The St. Louis Archdiocese is sending a record number of young people to Thursday's annual March for Life in Washington, D.C., since it first began its coordinated "Generation Life" pilgrimage to the event three years ago.
More than 2,000 St. Louis area Catholics will join hundreds of thousands of others at the nation's capital to call for an end to legalized abortion during the march. Filling 39 buses, the St. Louis group leaving Wednesday evening for D.C. includes high schoolers, university students, chaperones and volunteers from more than 60 parishes, schools and youth groups.
Youth ministry director Tom Lancia said the group is predominantly young people, who want to find "active ways" to make a difference in the world.
"They may not be able to vote, but they can show they are going to vote in the future, and that they want this world to know that life does matter," he said. "As young people become voters, those who are pro-life, it's a big issue for them."
For high school students and three-time marchers Colleen and Katie Gosser, the issue is personal. The pair were so-called "mono-mono" twins, meaning they shared an amniotic sac in the womb. Mother Francie said her daughters faced a 50 percent chance of survival because of the risk that their umbilical cords would become tangled and threaten their lives.
"The doctor told us they were a freak of nature," Francie said. "I had three choices: he said I could abort them both, I could do selective reduction or I could take my chances and see if they made it."
The Gossers chose the latter — with another doctor. After daily prayer, Francie said the babies were born healthy, surprising her medical team. For Colleen, it makes the trip more meaningful.
"A doctor thought it was easy enough to tell my mom that mine and my sister's lives didn't mean anything, and I feel like that's wrong," she said. "We have a lot to offer to the world and I feel like all of those who have been aborted did, too."
Lancia said other youth going on the trip have their own connections to the anti-abortion movement, whether they were put up for adoption or know someone who has become pregnant.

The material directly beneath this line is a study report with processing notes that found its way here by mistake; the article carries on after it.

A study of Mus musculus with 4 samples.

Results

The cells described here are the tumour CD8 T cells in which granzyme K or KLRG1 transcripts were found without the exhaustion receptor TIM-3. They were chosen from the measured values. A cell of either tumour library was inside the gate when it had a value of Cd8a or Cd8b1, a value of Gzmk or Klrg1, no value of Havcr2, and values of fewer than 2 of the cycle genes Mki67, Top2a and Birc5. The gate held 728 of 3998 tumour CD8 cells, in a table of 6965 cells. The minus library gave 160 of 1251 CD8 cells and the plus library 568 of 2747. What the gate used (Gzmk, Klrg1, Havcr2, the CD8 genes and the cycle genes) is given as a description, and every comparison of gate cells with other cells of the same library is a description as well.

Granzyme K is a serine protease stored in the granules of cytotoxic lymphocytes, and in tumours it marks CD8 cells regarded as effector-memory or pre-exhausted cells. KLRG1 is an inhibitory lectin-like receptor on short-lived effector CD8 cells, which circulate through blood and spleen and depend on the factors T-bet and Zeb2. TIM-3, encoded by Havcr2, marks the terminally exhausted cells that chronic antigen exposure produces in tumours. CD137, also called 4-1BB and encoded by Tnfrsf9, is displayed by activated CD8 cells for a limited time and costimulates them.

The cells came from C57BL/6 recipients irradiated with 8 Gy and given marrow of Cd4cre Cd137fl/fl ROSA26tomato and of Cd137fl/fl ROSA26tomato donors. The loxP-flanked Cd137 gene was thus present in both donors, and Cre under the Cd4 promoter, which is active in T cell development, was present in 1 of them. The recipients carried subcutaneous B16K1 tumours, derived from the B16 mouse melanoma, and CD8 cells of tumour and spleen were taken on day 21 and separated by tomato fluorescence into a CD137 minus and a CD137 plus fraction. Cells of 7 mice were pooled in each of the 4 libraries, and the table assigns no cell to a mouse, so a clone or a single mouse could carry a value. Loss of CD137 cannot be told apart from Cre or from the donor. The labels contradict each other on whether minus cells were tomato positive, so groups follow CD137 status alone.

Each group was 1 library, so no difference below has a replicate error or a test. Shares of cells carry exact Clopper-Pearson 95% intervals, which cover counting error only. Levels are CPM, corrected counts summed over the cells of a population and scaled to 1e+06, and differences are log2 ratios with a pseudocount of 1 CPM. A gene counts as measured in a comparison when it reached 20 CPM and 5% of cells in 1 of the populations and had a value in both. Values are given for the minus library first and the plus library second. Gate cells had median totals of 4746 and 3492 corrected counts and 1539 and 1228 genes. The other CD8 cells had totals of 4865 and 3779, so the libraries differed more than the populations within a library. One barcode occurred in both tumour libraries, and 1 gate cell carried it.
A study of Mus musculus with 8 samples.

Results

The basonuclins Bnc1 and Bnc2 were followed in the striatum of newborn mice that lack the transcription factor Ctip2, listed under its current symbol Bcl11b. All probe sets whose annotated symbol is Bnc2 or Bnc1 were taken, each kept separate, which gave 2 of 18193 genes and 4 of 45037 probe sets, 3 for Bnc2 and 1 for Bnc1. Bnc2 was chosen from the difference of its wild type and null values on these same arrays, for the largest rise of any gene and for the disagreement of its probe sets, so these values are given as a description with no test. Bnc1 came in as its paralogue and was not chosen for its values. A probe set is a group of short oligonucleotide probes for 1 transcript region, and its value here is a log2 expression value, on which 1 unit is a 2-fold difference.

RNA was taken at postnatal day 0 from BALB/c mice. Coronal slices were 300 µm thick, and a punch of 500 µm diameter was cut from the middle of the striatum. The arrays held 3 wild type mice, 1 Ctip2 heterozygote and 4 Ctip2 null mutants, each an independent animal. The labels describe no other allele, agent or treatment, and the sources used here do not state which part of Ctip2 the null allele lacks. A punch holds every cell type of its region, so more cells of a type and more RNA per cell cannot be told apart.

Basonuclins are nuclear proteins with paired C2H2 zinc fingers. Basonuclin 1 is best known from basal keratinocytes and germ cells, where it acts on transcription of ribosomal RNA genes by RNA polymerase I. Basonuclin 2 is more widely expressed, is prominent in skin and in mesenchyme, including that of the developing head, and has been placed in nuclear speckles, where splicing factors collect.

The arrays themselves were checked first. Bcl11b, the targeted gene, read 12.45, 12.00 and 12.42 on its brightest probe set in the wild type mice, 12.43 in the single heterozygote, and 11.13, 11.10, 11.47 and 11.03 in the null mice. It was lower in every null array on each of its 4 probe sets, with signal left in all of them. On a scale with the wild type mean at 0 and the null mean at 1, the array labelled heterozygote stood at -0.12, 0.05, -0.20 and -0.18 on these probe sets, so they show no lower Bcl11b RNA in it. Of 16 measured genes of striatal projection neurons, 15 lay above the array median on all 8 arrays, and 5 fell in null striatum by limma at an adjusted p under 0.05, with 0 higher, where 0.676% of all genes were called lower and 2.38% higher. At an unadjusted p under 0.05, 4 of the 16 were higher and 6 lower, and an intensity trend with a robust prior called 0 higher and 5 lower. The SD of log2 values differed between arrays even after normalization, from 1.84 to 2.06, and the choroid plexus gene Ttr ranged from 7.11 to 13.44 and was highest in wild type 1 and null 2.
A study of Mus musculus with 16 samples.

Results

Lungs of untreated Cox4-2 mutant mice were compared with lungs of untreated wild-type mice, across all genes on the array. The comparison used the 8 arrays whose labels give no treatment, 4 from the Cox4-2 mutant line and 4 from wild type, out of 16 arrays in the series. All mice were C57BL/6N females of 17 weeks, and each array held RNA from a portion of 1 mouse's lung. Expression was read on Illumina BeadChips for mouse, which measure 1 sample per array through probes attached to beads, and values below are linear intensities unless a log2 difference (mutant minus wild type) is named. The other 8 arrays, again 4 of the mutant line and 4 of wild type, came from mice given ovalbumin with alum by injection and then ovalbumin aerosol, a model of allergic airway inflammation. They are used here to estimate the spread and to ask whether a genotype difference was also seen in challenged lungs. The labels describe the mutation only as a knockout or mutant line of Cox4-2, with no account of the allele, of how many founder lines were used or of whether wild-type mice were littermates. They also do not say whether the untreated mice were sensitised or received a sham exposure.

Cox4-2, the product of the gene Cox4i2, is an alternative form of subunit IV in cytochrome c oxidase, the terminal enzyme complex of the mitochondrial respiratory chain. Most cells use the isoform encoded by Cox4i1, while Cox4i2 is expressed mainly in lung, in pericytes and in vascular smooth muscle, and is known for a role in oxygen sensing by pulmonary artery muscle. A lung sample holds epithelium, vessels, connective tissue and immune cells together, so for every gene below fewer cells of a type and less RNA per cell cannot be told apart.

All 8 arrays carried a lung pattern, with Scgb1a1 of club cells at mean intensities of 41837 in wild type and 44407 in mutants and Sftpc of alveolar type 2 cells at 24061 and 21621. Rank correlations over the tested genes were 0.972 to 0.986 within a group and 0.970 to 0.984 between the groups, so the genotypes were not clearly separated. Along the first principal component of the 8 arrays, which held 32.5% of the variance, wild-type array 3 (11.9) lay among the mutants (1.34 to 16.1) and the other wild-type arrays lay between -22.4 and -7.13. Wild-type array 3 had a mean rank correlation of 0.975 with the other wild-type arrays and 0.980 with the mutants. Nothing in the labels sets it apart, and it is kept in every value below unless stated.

But even if they don't have a personal tie, Katie said young people should be concerned about abortion rights.
"When I hear about the numbers of abortions since Roe v. Wade, that's a huge amount of people from my generation that aren't here," she said. "Those are people that I could be sitting with at class, in the cafeteria. My generation is the first one to see the effects of that, I guess, or the major effects of that."
Moreover, Lancia said it's a topic that's hard to avoid these days, in the media and in the political sphere.
"It is an issue that’s being talked about a lot, through Obamacare, so parents are talking about it, so kids need to be informed about it as well," he said. "Teenagers are so independent, they want the answers. They want to know what they are talking about."
Calling For Political Changes
The Gossers' story fits with the March for Life's 2015 theme "Every Life is a Gift," highlighting the relationship between abortion rates and difficult prenatal diagnoses. The March for Life's Education and Defense Fund website indicates that those with such diagnoses "have a much smaller chance of being brought to term by their mothers and fathers."
But many prenatal tests can only be done after a certain number of weeks in the pregnancy, which is why some anti-abortion advocates want to ban the procedure early on.
"I see more and more laws that are pointing to the pro-life movement ... You see how they start looking at when abortions are allowed and they're becoming younger and younger in the womb," Lancia said. "Because the more you can see that child, the more people are like, 'Oh, I don't feel good about this.' I don’t care how far you go back, life is present."
While Missouri has just one abortion clinic, a 72-hour waiting period and laws limiting abortions after 20 weeks of pregnancy, Lancia said he sees political momentum against abortion rights and hopes that one day the state will see no abortions.
That's why it's important to keep the movement growing by involving young people, he said. In addition to the march, the Generation Life group will attend spiritual and educational programs.
"Our hope is that these teens will walk away with a full understanding with what it means to be pro-life, how we love and care and serve each other from these little babies carried in the womb, to those that die at an old age," Lancia said.
Because of their experiences going to the march in the past, Francie said her daughters have been able to grow into leaders in their schools and youth groups on anti-abortion issues.
"Sometimes it can feel like you’re in the minority when you’re standing up for life like that, but there are so many people who care, too, and there’s always another option besides abortion," Colleen said.
Generation Life will post their experiences on a blog, on Instagram and using the hashtag #genlifestl.